As the country celebrates Women’s Month, MasterDrive would like to celebrate the female drivers on our roads. While we would rather avoid the debate about who is the better driver, what is for sure is that the number of female drivers on our roads is growing every day. As such, these are MasterDrive’s tips on how to stay safe on the roads.
Know your car
While there are many people who can perform maintenance on your car for you, every driver should always know how to do it themselves as well. The managing director of MasterDrive, Eugene Herbert, says that you never want a lack of knowledge to leave you in a dangerous position. “If you have a flat tyre while driving home late at night, depending on the circumstances, it might be faster and therefore safer to change your tyre yourself than wait for roadside assistance.
“In other instances where you have a puncture, in a dangerous area, it may even be preferable – if help is not at hand immediately – to drive to the nearest safe place where you can solve the challenge. Even if the tyre and rim is damaged, one’s safety should come first. If you ever find yourself in this situation, let someone know where you are and what your plan is.”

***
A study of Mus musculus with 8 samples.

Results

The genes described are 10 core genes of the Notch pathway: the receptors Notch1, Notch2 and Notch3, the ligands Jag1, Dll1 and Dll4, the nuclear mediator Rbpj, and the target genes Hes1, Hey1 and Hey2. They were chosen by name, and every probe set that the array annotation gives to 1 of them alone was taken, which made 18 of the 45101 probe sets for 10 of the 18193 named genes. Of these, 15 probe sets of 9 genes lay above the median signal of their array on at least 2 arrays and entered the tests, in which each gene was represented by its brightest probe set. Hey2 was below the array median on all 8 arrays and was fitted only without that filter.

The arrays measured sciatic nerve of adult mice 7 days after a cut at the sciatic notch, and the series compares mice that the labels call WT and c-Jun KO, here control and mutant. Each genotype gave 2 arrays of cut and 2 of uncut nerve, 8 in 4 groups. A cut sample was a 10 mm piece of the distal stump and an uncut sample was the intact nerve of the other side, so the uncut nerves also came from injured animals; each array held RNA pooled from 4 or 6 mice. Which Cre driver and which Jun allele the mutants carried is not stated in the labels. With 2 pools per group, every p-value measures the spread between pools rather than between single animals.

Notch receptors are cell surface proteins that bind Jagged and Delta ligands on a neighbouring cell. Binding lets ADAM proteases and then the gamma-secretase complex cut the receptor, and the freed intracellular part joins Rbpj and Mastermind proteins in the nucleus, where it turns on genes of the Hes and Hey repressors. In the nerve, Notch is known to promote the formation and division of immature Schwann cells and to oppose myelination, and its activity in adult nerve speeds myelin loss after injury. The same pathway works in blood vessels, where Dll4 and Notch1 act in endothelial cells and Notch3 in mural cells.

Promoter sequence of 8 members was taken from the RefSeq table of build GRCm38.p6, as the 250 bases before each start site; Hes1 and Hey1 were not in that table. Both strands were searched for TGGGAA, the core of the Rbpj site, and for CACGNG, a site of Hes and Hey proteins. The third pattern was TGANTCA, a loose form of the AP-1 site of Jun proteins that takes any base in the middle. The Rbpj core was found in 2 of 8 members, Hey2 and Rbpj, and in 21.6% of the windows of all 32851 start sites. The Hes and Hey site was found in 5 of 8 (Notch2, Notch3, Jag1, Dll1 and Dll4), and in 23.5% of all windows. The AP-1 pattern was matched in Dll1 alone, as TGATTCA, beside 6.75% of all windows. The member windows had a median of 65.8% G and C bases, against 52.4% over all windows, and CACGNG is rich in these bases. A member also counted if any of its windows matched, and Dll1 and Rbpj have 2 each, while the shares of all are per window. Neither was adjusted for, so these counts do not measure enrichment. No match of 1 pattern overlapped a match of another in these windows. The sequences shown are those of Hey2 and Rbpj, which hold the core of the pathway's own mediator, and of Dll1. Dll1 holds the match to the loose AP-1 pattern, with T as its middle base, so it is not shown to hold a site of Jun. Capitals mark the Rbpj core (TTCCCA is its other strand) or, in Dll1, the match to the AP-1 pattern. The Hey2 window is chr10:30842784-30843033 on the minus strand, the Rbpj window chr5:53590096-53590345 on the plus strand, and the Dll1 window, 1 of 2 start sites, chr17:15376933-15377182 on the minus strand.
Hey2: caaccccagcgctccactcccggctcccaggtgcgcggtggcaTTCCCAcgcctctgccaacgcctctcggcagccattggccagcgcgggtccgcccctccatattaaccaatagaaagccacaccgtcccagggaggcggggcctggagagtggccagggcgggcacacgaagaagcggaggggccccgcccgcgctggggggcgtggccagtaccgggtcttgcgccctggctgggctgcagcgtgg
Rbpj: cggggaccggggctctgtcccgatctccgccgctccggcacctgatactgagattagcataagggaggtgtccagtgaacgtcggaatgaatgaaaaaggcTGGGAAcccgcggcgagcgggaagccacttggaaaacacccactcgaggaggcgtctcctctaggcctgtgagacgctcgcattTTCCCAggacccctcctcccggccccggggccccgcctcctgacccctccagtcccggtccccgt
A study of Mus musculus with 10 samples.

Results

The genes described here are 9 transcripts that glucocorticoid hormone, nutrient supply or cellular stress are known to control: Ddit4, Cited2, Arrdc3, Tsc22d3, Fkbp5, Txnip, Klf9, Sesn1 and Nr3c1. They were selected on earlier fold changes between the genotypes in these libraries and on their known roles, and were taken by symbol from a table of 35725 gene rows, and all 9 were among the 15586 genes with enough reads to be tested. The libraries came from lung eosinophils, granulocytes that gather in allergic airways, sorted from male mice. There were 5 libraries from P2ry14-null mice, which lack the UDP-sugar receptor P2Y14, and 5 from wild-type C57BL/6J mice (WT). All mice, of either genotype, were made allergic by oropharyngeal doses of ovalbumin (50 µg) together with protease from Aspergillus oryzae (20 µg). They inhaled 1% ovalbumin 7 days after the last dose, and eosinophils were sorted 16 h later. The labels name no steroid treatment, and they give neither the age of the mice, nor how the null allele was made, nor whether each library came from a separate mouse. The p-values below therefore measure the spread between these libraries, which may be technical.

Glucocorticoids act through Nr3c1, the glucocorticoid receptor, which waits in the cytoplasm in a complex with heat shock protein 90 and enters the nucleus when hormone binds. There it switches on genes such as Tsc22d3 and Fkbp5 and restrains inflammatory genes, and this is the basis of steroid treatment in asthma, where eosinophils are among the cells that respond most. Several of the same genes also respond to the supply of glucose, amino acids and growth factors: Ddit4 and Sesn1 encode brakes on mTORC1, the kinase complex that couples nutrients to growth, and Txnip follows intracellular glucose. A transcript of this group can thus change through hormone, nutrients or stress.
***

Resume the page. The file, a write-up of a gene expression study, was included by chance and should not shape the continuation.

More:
These are the maintenance checks every driver should know how to perform:
- How to change a tyre.
- How to check tyre pressure and expiry dates.
- How to check water or anti-freeze levels.
- How to check your oil.
- How to check other fluid levels such as the water for your windscreen wipers or your brake fluid.
- Know when your next service is due.
- How to jump start or restart a car where the battery has gone flat.
- How to replace fuses.
While we know modern cars can be quite complex and leave little for the driver to do, some of the older vehicles will allow drivers to easily accommodate the recommendations. Even if you own a modern car, knowing these techniques are always important.
Another challenge that motorists have to be aware of is the risk of being hijacked. “One of your strongest tools against becoming a victim of hijacking, is awareness. Always know what cars are around especially if one stays behind you for an extended time. Avoid turning into your driveway if there is a car behind you. Wait parallel to your gate and be aware of your surroundings while waiting for it to open, if anyone looks suspicious rather drive off to a safe place.
“There is also the reality that it is not always possible to evade being hijacked. To prepare yourself for this, whether as a passenger or driver, invest in a reputable hijack management course. There is no greater investment, than an investment into your own safety,” says Herbert.
Lastly, protect yourself, not just as a woman on the roads but as a motorist committed to road safety. “Every driver is guilty of indulging in irresponsible behaviour on the roads, whether this be quickly checking your phone, speeding up to make it through the amber phase of the robot or driving on autopilot. Make a conscious effort to refrain from dangerous behaviours to make the roads a safer place for everyone.”
Herbert concludes: “As we continue to celebrate the strong women in our lives, let’s commit to transferring this strength and confidence to our roads.”